Mayday Parade
Black Lines

Mayday Parade - Black Lines

Out of all the bands I listen to, Mayday Parade has always been one of the most frustrating. Not because they can’t write pop-punk and pop-rock hits, it’s because the band has always been so close to writing a complete album that turns into one of the genre’s essential listens. After Jason Lancaster departed the band following the release of fan-favorite A Lesson In Romantics, Mayday Parade has had its collection of hits and misses; always close to that career-defining release but just never putting it all together. That all changes with Black Lines.

Mayday Parade’s fifth full-length album enlists producer extraordinaire Mike Sapone to helm the boards and the results are stunning. Black Lines is a reinvention of Mayday Parade and it’s immediately realized on the blistering opener, “One Of Them Will Destroy The Other.” Guitarists Alex Garcia and Brooks Betts unleash a jolt of charging guitar riffs and chords while Derek Sanders’ raw vocals create a sense of urgency never heard before in the Mayday discography. This is only the tip of the iceberg, as tracks like “Just Out of Reach” and “Underneath the Tide” channel early scene staples like Taking Back Sunday and The Early November – with “Tide” being one of the best mid-tempo numbers the band has ever released as its chorus hits like an avalanche (thanks to Jake Bundrick’s heavy hitting behind the kit and Sanders’ aggressive vocal approach). 

The biggest surprise on Black Lines however is a duo of songs that appear early in the tracklist. “Hollow” and “Let’s Be Honest” are undoubtedly the heaviest songs Mayday Parade have ever released, both leaning heavily on a combination of 90s grunge (the former) and melodic alt-rock (the latter). Garcia and Betts unleash a buzzsaw of crunchy guitar work on the fuzzy “Hollow” is masterful while the start-stop nature of “Honest” creates one of the more heartfelt choruses in Mayday’s history. And don’t think the band forgot how to write catchy pop-punk tunes because “Keep In Mind, Transmogrification Is A New Technology” will transmogrify into an insanely infectious ear worm.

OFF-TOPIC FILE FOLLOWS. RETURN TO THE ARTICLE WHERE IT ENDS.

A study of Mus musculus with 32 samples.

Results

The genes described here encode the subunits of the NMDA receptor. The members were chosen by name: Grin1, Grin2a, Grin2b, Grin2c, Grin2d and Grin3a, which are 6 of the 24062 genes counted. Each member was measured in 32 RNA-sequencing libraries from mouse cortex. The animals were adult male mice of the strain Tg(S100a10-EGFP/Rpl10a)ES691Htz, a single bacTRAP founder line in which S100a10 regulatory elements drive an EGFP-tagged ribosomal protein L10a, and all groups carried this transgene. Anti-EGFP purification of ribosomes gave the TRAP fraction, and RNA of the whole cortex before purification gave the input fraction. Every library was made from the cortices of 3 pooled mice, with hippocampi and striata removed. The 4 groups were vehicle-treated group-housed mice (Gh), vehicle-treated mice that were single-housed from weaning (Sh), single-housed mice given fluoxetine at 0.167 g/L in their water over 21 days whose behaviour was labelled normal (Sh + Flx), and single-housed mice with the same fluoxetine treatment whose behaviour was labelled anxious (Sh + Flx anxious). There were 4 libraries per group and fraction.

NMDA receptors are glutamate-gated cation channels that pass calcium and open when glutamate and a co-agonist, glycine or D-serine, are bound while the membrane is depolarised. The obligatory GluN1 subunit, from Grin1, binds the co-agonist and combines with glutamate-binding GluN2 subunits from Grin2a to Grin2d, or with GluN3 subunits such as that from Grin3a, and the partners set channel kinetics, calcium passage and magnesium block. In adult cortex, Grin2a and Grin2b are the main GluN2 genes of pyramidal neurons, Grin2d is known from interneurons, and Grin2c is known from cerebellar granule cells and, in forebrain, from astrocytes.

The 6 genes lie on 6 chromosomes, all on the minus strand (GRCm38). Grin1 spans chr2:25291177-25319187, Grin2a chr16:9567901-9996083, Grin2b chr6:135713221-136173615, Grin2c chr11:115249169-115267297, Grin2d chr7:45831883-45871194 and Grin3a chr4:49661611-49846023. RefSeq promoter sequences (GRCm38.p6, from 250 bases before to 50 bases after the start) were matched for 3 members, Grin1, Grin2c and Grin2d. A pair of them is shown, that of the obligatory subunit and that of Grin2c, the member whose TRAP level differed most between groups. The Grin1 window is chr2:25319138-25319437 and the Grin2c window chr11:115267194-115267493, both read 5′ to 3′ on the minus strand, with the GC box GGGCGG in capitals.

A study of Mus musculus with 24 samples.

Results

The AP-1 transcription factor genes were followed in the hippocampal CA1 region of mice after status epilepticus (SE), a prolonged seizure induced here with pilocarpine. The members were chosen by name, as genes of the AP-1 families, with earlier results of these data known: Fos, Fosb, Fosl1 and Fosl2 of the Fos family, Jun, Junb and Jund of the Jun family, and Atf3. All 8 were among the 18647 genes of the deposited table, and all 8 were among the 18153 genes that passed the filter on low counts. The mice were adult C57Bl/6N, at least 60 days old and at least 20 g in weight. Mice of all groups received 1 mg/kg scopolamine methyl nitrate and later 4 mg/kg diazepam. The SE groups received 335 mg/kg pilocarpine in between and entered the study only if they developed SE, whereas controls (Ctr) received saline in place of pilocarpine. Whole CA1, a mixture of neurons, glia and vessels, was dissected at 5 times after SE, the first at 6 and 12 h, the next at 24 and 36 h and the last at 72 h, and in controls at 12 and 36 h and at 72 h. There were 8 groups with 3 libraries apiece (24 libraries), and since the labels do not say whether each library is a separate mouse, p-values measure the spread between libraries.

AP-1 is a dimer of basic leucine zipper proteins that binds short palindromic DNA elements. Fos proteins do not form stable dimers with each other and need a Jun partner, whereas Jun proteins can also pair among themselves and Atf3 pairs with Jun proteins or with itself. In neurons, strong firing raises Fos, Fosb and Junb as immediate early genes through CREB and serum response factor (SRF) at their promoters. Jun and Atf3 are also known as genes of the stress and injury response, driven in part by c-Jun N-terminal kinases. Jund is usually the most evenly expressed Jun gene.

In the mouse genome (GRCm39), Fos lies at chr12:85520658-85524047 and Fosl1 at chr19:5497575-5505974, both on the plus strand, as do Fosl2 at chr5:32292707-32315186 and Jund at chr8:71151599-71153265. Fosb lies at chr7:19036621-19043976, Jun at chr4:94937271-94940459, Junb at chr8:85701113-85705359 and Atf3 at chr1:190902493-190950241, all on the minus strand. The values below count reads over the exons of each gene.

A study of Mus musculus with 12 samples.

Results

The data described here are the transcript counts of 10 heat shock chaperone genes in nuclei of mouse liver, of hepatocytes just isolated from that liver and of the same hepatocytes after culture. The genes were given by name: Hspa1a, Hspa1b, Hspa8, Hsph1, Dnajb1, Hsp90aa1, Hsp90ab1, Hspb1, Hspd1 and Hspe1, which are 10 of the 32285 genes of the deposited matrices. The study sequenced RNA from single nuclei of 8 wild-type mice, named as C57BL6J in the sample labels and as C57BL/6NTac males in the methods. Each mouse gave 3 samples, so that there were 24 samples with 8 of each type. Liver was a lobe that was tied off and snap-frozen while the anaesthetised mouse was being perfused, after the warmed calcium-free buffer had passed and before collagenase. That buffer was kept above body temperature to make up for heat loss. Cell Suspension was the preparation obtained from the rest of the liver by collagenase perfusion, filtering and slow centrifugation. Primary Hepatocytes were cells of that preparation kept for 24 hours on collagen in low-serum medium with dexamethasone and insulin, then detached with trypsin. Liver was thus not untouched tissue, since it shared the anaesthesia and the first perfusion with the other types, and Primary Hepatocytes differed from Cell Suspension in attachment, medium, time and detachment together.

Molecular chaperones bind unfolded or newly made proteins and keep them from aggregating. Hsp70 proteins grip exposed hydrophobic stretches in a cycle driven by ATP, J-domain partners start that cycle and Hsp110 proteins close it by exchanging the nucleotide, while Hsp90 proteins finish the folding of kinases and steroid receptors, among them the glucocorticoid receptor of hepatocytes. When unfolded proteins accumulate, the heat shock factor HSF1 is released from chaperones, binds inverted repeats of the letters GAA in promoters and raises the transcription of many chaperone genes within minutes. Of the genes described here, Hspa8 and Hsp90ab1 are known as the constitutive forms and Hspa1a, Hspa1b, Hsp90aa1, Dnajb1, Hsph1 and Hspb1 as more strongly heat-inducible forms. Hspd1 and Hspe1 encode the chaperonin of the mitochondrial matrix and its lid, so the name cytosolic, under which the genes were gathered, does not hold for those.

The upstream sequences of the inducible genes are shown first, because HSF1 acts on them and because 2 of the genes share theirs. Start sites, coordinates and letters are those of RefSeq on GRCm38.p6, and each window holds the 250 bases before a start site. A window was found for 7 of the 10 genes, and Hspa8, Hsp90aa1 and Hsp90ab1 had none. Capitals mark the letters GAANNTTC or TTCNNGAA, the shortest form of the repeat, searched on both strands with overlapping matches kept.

It can’t be stated enough how much emotion and energy Sanders’ improved vocal style brings to each track. Mayday Parade has always been able to write killer ballads, but on Black Lines they are refined and elevated to an even higher level. The slow build of “Letting Go” reaches arena-like heights in its final few minutes. The guitar riffs soar like early Jimmy Eat World while Sanders’ is barely keeping it together. But it’s “Narrow” that’ll claim 2015’s best pop-punk ballad. The first two-thirds of the track are as gentle as can be, Sanders barely singing over a whisper. But “Narrow” reaches and then eclipses the emotional pinnacle with its final third as guitars explode and cymbals crash behind Sanders’ desperate pleading. 

Mayday Parade has had it pretty good as a band over the course of its career, with the band’s last album debuting in the Billboard Top 10. So it would’ve been easy incredibly easy for them to coast on past success and continue writing the same structures. Instead, the quintet went in the opposite direction, got their hands dirty, rebuilt their sound, and released the most surprising album I’ve heard this year. A band I used to meet with skepticism and frustration has turned into a band I’ll now look forward to each future release. It’s not crazy to claim that Black Lines is the band’s most sophisticated and aggressive release ever, thus making it the essential Mayday Parade album and best the genre has to offer in 2015.